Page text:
Last week, we discussed the early voting windows in various battleground states, but we fell victim to the artificial distinction between “early voting” and “in-person absentee voting” and misstated the window. It’s important enough to correct the record. Ohio early voting (in-person absentee) runs from September 30 through November 3.
The bottom line is that as of early 2006, Ohio residents can cast ballots early, whatever the label applied to that action is. The significance of October 6, a call to the Secretary of State’s office confirmed, is that is Ohio’s deadline for voter registration. From Sept 30-Oct 6, early voting is a one-stop shop for unregistered voters. Beginning October 7, no-excuse-needed, in-person absentee voting is ongoing right through November 3, but only for registered voters. None of the ballots are counted until the polls close on Election Day.
Additionally, depending on the Ohio county, there may be alternate sites for voting. In smaller counties, the board of elections office might suffice, but in the larger counties such as Franklin and Cuyahoga, alternate sites to accommodate large numbers of voters will be available. For Ohio voters, the thing to do is check the Secretary of State’s website and click on your individiual county to get the location.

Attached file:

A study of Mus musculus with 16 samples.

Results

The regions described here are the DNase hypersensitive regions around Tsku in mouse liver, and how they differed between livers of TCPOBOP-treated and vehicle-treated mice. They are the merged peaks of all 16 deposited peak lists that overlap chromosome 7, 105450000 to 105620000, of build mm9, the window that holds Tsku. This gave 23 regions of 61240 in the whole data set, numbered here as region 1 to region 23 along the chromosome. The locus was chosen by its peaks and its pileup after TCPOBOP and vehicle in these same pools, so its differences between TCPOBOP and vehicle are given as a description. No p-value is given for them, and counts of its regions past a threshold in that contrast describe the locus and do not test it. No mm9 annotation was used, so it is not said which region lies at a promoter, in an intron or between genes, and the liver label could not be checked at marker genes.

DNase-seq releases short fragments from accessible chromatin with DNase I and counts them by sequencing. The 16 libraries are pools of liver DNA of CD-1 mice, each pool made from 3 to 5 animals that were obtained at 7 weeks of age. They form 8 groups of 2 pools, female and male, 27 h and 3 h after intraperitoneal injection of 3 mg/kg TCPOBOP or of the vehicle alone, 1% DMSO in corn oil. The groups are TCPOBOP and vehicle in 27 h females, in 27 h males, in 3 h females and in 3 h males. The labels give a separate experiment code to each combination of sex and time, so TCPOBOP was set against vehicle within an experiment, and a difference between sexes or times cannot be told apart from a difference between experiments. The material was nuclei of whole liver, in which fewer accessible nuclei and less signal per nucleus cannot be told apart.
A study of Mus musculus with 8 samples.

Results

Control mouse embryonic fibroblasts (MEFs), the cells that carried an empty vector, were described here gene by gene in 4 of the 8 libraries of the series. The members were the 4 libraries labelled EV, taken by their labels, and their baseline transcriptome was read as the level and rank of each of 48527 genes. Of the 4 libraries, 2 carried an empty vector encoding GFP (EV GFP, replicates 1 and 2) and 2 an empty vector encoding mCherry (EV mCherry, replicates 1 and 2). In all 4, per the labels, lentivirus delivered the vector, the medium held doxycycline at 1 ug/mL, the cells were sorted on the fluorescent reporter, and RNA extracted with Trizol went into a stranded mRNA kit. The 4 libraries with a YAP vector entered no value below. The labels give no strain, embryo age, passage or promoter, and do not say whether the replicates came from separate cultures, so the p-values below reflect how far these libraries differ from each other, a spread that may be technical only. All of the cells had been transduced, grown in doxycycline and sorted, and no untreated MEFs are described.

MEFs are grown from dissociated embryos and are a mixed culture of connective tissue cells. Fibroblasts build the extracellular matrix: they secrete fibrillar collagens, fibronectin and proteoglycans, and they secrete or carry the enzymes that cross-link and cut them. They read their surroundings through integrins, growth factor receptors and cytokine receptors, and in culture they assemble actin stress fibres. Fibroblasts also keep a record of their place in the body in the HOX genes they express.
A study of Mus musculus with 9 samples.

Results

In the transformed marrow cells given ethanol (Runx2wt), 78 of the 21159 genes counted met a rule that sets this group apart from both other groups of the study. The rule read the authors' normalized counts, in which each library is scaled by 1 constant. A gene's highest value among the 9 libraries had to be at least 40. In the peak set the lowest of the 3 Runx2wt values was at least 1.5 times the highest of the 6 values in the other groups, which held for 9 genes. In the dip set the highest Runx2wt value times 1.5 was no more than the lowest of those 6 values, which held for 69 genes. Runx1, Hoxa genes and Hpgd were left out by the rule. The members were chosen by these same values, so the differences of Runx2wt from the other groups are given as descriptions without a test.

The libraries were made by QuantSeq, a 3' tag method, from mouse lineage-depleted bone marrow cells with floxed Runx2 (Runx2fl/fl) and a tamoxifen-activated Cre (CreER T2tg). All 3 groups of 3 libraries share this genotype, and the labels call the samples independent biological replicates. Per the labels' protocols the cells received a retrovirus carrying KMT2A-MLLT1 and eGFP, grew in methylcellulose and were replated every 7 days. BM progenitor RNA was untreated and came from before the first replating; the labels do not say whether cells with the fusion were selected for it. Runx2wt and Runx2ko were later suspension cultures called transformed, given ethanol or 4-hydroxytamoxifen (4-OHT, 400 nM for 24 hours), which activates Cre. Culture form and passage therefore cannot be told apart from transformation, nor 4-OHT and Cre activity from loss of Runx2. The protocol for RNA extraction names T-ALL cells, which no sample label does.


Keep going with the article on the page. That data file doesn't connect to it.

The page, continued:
While we’re on the subject of updates, the convention buzz on the rainy and overcast St. Paul streets is all Sarah Palin, all the time. The media is buzzing hard around the seeming failure to vet Palin, including news of her association with an Alaska secession movement. But questioning Palin means you’re a chauvinist, says the McCain campaign. We’ll have more coverage of Day Two of the Sorta Convention later. In other early voting news, the Virginia board of elections office finally got around to returning a phone call. And Barack Obama has updated his stump speech, with tough luck for Nate: “God bless America, and f— you, Nate.” No love among Chicagoans, apparently.